You could be a neighborhood supporter any day of the week," says the familiar voice at the front of the room. 'But this music is bigger than your block." Anyone who listens to Q93.3FM, New Orleans' popular hip-hop and R&B station, knows that gravelly voice. It's Wild Wayne, intoning in DJ style to a packed house of rappers, producers, indie TV-show impresarios and even a few decked-out video girls. The radio personality has a point. The worldwide outpouring of sympathy post-Katrina churned up a tidal wave of support for established New Orleans jazz and R&B. When it comes to raking in paper, however, local hip-hop " long overlooked if not outright disavowed by New Orleans' musical establishment " is what puts the city on the pop charts. It does so almost in spite of the lack of industry know-how among the greater number of the city's stellar underground DJs and MCs. 'If you can take the time to spend two or three hours on MySpace, adding extra friends or leaving nasty comments," Wild Wayne reasons on the mic, 'then you can take the time to learn the business. Because if we're going to compete with Atlanta and New York, we need to learn the business."
Wayne was preaching to a crowd of hip-hop hopefuls in early October at Mid-City venue The Hangar, at the first annual Industry Influence night " a networking event intended to encourage newbies and pros to push their work to the next level.
The infectious beat and salacious lyrics of bounce spawned a nation of imitators since the Cash Money and No Limit labels crested in the late '90s. But when the mainstream world hears 'New Orleans music," people still think Neville, Marsalis and Toussaint " not Williams and Miller. The New Orleans rap scene is hardly wet behind the ears, and label owners like Master P (Percy Miller) and Bryan 'Baby" Williams made money like nobody's business. Williams, otherwise known as Birdman, is a hardnosed businessman cut from the same cloth as the legendary Suge Knight and he unleashed on the world the hyper-prolific talents of Juvenile and Lil' Wayne. But like the '50s and '60s models of now-iconic labels like Minit Records, many talented African-American artists who are popular locally are limited to regional notoriety and an attendant paycheck. In the '60s, artists like Chris Kenner and Irma Thomas rarely charted, though they were regional stars. Forty years later, the same is true with hot club rappers like Raw Dizzy and Ms. Tee.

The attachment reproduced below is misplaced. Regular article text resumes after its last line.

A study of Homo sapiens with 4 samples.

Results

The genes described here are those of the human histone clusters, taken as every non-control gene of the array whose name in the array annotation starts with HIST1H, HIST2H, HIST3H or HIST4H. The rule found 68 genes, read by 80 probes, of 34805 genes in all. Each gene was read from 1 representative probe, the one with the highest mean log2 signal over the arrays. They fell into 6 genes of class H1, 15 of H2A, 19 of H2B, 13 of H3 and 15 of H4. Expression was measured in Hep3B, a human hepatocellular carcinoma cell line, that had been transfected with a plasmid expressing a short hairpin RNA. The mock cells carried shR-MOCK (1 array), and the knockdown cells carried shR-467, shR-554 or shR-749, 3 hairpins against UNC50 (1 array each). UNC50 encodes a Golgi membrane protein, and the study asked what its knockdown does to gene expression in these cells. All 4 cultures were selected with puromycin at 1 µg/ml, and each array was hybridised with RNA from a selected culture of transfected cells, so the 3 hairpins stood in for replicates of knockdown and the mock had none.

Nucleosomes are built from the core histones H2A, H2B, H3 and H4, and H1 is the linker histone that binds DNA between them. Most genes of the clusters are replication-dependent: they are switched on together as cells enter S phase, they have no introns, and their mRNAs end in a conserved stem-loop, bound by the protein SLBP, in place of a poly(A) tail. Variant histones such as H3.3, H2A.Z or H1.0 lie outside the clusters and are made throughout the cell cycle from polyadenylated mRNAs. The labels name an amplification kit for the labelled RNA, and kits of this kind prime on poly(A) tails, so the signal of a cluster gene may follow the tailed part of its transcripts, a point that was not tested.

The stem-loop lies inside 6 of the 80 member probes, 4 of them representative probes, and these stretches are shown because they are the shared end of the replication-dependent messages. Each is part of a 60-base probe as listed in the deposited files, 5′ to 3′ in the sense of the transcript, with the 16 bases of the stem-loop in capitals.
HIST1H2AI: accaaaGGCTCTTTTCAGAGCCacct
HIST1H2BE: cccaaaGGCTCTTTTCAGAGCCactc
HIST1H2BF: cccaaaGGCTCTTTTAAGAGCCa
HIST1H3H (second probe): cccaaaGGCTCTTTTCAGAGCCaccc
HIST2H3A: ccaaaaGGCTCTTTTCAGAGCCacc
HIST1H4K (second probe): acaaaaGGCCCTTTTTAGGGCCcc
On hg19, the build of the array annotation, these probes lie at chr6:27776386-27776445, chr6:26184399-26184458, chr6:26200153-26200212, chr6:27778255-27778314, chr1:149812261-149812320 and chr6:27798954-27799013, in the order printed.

Hosted in tandem by Wild Wayne and the rapper-cum-record store owner Sess 4-5 (Nuthin But Fire Records), the Industry Influence event " held the first Monday of each month at The Hangar " aims to change that. At the inaugural event, the room buzzed with industry types drinking cocktails and trading business cards. The open-mic introductory period that followed Wild Wayne's opening remarks took nearly an hour, as people whose qualifications ranged from producing the rapper Choppa's hit track 'Choppa Style" to the editor of a startup hip-hop teen magazine to the experimental organ player Mr. Quintron got up to introduce themselves and briefly describe their goals and roles in the music industry. That was followed by a panel discussion with Wayne, Sess 4-5 and other local pros, after which a series of up-and-coming local rappers showed their stuff.
The rap business has diversified from monarchic rap-only labels like the old Cash Money and Death Row to divisions within monolitihic record companies like Universal and Warner Bros. The labels fund the necessary genuine studio releases from rappers that also help feed more devoted audiences with constant underground Internet output and uncredited collaborations. 'Baby" Williams' world, as a label owner and genuine bigwig, is far different than the one Joe Banashak confronted when his Minit and Instant Records artists stayed in the Southeast. But it still holds true that talented artists from New Orleans are not reaching national audiences that would likely embrace their sound " if the response to the few who did manage to break out is any indication. Industry Influence is a step toward making a leap.
- Wild Wayne is pushing local hip-hop artists focused on networking and the business side of music in order to succeed at the national level.